Cooking Class with Chef Ivan Flowers Lesson 25 - Vegetable Cookery

Here we are in a new year and I’m sure many of you made resolutions to eat more healthfully. And that means incorporating more vegetables into your diet. I know most people think vegetables are boring, but that is because they don’t give vegetables the same time and attention that they do a center of the plate protein. I believe a well-cooked vegetable is memorable, flavorful and is worthy of that coveted center plate position. In this cooking class, I will teach you some techniques to use to create the most delicious vegetables.

Let’s get cooking!


Steaming and boiling vegetables is perfectly okay, but if you really want to develop some flavor, try roasting them. You can roast any vegetable. You simply need to make sure that you are roasting similar vegetables together. For example, carrots and broccoli or mushrooms and asparagus, we do this because they will take around the same amount of time to cook. This way you won’t have a perfectly roasted carrot and an over-cooked mushroom. Another tip is to cut the vegetables that you are going to roast all the same size. Again, this will allow ALL the vegetables to cook at the same pace.

To roast vegetables you will need: a large mixing bowl, large baking sheet, olive oil, salt, pepper and garlic puree (equal parts garlic and canola oil blended together). Preheat your oven to 350 degrees. Cut your vegetables; place them in the mixing bowl.

Next, drizzle them with olive oil and toss until they are well coated. You want to lightly coat the veggies with oil. Now, salt and pepper to taste. Finally, if you want garlic flavor add about one teaspoon garlic puree and toss. We use garlic puree because the canola oil blended in with the garlic keeps the garlic from burning. Spray your baking sheets with oil and put your vegetables on it in a single layer. Cook them for about fifteen minutes. You want them caramelized and still al dente. Once roasted you can add lemon, fresh herbs, butter, grated Parmesan or reduced balsamic vinegar. Experiment and add any of your favorite flavors.

Next, we will talk about how to sauté vegetables. With this technique you will want to sauté a single type of vegetable at a time. This is because I have a trick to make sautéed vegetables sing and that is to add the juice of the vegetable that you are sautéing. This technique works best with carrots, rutabaga, parsnips, radishes, beets, broccoli and salsify.

For this you will need: a large sauté pan, one and a half pounds of a vegetable of your choice (I will be teaching the technique using carrots) cut into two inch pieces, two tablespoons olive oil, ½ cup juice of the vegetable you are cooking, ½ cup low sodium or homemade chicken or veggie stock, salt, pepper and ¼ teaspoon unsalted butter. If you don’t have a juicer you can simply buy unsweetened, pure vegetable juice. So, for this recipe, if you don’t have a juicer, buy a bottle of carrot juice. If you do have a juicer, hold back two large carrots and juice them. Once you have cut all your vegetables, mix your vegetable juice with ½ cup stock and keep nearby.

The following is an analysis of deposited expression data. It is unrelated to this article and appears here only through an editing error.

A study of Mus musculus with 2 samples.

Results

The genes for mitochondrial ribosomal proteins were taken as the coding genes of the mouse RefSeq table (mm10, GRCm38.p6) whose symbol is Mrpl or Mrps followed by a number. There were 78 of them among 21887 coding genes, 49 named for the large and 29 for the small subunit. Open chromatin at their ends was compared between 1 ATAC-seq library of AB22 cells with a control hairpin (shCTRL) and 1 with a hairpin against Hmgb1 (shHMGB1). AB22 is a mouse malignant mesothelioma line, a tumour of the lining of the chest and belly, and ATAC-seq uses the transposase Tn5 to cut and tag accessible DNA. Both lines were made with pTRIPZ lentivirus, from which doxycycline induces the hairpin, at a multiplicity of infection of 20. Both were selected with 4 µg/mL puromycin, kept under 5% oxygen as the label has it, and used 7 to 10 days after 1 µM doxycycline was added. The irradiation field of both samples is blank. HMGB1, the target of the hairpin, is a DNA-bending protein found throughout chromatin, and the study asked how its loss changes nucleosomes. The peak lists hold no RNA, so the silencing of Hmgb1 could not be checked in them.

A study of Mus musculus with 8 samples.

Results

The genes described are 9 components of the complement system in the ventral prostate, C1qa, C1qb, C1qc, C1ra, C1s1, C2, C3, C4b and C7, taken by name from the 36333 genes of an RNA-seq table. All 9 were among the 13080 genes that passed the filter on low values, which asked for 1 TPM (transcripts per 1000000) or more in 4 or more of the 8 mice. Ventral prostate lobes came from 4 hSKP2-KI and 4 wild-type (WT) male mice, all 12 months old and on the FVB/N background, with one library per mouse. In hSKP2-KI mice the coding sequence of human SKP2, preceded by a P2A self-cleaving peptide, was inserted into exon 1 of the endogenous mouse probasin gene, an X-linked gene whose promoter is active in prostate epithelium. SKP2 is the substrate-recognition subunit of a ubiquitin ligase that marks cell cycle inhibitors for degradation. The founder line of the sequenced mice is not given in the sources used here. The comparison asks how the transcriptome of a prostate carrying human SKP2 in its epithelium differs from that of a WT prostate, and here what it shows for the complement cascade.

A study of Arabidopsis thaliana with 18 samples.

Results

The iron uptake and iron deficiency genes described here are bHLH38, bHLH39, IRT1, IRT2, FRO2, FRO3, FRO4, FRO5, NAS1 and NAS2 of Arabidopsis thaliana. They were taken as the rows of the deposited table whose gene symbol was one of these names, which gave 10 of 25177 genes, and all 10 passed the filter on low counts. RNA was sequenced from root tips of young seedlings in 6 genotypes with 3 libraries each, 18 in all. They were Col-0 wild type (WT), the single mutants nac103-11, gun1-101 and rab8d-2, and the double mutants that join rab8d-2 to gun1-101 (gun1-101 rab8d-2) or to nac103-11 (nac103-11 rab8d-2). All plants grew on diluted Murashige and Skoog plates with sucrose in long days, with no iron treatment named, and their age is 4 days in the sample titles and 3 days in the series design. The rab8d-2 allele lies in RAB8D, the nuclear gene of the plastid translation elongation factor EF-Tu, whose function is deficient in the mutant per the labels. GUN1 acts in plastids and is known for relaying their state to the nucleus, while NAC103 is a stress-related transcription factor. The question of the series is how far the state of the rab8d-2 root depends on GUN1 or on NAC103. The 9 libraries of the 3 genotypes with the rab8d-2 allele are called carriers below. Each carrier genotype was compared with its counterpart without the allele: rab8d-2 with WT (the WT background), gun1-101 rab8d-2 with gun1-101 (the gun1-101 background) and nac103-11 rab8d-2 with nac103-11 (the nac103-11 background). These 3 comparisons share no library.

Now, put the olive oil in your sauté pan and put your heat to medium-low. Add the carrots and sauté for five minutes. Next, add three tablespoons of the juice/stock mixture and stir. What we are going to do is cook these vegetables in a risotto style, that is, we will slowly add in the juice/stock a little at a time as we continue to cook the vegetables.

Once the juice/stock is absorbed, add another three tablespoons. Continue adding the juice/stock mixture and stirring for about eight minutes, until the carrots are al dente.

Once you reach this point, keep stirring until the pan is almost dry or au sec. Au sec is a French cooking term that means the liquid in a pan has been reduced until it is nearly dry. At this point, put in the ¼ teaspoon unsalted butter and stir. This small amount of butter will add a touch of richness that really sets off the flavor of the carrots.

Finally, salt and pepper to taste.

Vegetables do not have to be boring. In fact, I find vegetables very exciting. Use these techniques and you can make vegetables the star of the show. As with any technique or recipe, the most important component is the cook’s heart. The heart is what creates delicious.

Chef Ivan Flowers brings 25 years of fine cuisine experience to Top of The Market, San Diego. Prior to becoming Executive Chef at Top of The Market, Chef Flowers owned Fournos restaurant in Sedona, Arizona, named a top 25 restaurant in Arizona. He was also Executive Chef at L’Auberge de Sedona, the AAA Four-Diamond, Four Star award winning restaurant. Flowers has created extraordinary cuisine for some of the finest restaurants in Arizona, including T. Cooks at Scottsdale's Royal Palms Resort and the Phoenician's Mary Elaine's and Different Pointe of View.